MINNEAPOLIS -- Enough with the jokes about Chris Weinke's age. The Minnesota Vikings don't really think it's all that funny.
They're more concerned that their defense doesn't get beaten Sunday by the Carolina Panthers' rookie quarterback -- no matter how old he might be.
"He throws an excellent deep ball," said Vikings coach Dennis Green. "A very good touch passer, and the kind of guy that they can form a pocket around. He's a big, strong guy."
Notice how age didn't come up in that discussion. That's the advantage, apparently, of being a 29-year-old with six years experience in pro sports, plus three seasons starting for one of the nation's best college programs and a Heisman Trophy.
The fact he's a rookie almost becomes irrelevant.
"He's a mature man," said Minnesota defensive backs coach Willie Shaw, brought in this season to implement a more aggressive, speed-based approach for a defense that was 28th in the league. "He understands this kind of pressure."
For someone of his accomplishment, Weinke still speaks like a first-year guy. As he probably should.
"This is all brand new to me," said Weinke, who starred at Florida State after six seasons of minor league baseball. "I still have a lot to learn."
Those who saw Weinke lead his football team to the state title game as a prep star in Minnesota probably aren't surprised he became a starting quarterback in his first season in the NFL. But with more than a decade in between?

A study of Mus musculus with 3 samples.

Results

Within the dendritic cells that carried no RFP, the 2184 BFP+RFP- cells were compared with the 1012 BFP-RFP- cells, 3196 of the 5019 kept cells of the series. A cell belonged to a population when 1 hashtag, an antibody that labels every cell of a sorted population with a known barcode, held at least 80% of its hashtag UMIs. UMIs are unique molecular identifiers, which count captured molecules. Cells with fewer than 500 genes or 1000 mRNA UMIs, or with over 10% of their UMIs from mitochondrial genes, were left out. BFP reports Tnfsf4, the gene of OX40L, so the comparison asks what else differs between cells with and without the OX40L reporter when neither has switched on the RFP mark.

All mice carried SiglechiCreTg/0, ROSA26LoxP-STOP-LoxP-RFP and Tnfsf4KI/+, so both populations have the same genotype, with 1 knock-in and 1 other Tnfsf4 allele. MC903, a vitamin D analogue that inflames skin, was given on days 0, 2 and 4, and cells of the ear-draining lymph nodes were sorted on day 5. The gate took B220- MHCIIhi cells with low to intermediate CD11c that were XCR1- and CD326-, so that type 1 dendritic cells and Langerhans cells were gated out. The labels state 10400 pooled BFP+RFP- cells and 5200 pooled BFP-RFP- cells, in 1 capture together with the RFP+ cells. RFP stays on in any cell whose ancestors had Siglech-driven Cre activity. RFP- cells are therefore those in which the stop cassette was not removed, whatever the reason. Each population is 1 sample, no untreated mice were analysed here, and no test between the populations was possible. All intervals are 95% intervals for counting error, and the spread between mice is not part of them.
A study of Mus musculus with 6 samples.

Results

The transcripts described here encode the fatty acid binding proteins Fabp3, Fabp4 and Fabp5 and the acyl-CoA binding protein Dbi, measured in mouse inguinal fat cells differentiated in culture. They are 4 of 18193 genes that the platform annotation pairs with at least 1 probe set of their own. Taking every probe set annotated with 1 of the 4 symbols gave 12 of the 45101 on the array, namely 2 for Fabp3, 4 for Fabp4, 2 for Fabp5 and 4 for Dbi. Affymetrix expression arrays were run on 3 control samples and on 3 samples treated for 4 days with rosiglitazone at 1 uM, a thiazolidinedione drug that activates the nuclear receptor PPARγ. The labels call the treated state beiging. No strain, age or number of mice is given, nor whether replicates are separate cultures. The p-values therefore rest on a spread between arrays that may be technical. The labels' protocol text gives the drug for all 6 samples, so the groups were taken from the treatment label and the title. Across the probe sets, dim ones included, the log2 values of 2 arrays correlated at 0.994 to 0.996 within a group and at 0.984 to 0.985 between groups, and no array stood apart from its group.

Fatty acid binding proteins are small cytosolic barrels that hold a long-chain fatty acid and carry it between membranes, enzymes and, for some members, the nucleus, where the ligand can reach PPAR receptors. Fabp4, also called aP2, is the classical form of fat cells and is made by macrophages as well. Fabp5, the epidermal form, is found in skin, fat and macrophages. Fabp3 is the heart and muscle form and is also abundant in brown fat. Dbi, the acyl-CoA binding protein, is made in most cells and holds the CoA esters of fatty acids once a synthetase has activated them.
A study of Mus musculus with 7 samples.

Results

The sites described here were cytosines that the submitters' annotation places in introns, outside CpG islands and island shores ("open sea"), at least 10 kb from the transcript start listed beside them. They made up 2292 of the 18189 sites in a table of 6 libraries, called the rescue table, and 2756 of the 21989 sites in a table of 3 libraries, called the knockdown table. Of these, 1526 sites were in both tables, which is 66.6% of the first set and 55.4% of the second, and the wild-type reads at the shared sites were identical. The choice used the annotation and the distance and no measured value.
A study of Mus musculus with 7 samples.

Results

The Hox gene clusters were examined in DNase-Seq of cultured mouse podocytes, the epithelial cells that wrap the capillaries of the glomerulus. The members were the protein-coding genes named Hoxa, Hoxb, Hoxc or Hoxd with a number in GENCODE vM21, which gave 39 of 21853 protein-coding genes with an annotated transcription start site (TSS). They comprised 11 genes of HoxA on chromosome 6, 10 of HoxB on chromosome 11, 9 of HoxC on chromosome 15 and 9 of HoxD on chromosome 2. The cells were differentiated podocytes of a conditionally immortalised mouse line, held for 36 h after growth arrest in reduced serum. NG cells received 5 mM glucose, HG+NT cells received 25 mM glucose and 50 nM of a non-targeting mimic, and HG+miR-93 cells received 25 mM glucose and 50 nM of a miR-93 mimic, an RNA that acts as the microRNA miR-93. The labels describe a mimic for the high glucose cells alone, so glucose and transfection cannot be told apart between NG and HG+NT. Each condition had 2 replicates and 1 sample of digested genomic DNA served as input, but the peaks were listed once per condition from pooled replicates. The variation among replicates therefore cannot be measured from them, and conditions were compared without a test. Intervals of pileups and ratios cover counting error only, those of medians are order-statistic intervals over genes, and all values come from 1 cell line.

The Panthers weren't even around yet when he played for St. Paul's Cretin-Derham Hall High. Neither were the 1990s.
"It's been a long time since I've done anything in the Twin Cities," Weinke said. "Obviously, I'm excited. It'll be a nice homecoming."
It's almost a Cretin-Derham Hall reunion, with Minnesota offensive linemen Matt Birk and Corbin Lacina also counting as alumni. And about 60 of Weinke's friends and family will be watching him play against the team he grew up rooting for.
"It's been kind of weird watching them on film," Weinke said. "My whole life I've been a fan."
Weinke won't be the only one in the spotlight. Rookie running back Michael Bennett is expected to start in the Vikings' first real game without their career rushing leader, Robert Smith, who retired.
Bennett, Minnesota's first-round pick from Wisconsin, grew up in Milwaukee and will also have plenty of people at the game, too. He expects to be nervous but not worried about his first pro start -- for one obvious reason.
"I'm fast," he grinned. "I don't want to brag about it, but I can run."
The Vikings' trio of quarterback Daunte Culpepper and receivers Randy Moss and Cris Carter leads one of history's best passing attacks, and an inexperienced Carolina defense doesn't look like much of a challenge.
Safety Mike Minter is out with a knee injury, and the Panthers will start three second-year players and two rookies, linebacker Dan Morgan and defensive tackle Kris Jenkins.
But Bennett will be running behind two new tackles. Korey Stringer died during training camp of heatstroke -- a tragedy that clearly will weigh heavily on the team this year -- and Todd Steussie signed with Carolina in the offseason.
For both of those reasons, Steussie will also experience a range of emotions Sunday.
"I think in some ways it's going to be fun, and in some ways it may not be," said Steussie, one of three new starters on a Panthers line that allowed the league's most sacks last year. "I don't have any long-lasting enemies up there, but I might create some after this game."
Across from him will be a defense eager to put last season behind it. Already, the Vikings intercepted as many passes -- eight -- in the preseason as they did all last year.
And there won't be any age discrimination when it comes to picking off one of Weinke's passes.
"We're not planning on him getting flustered like a rookie," Shaw said. "We're playing him like a vet."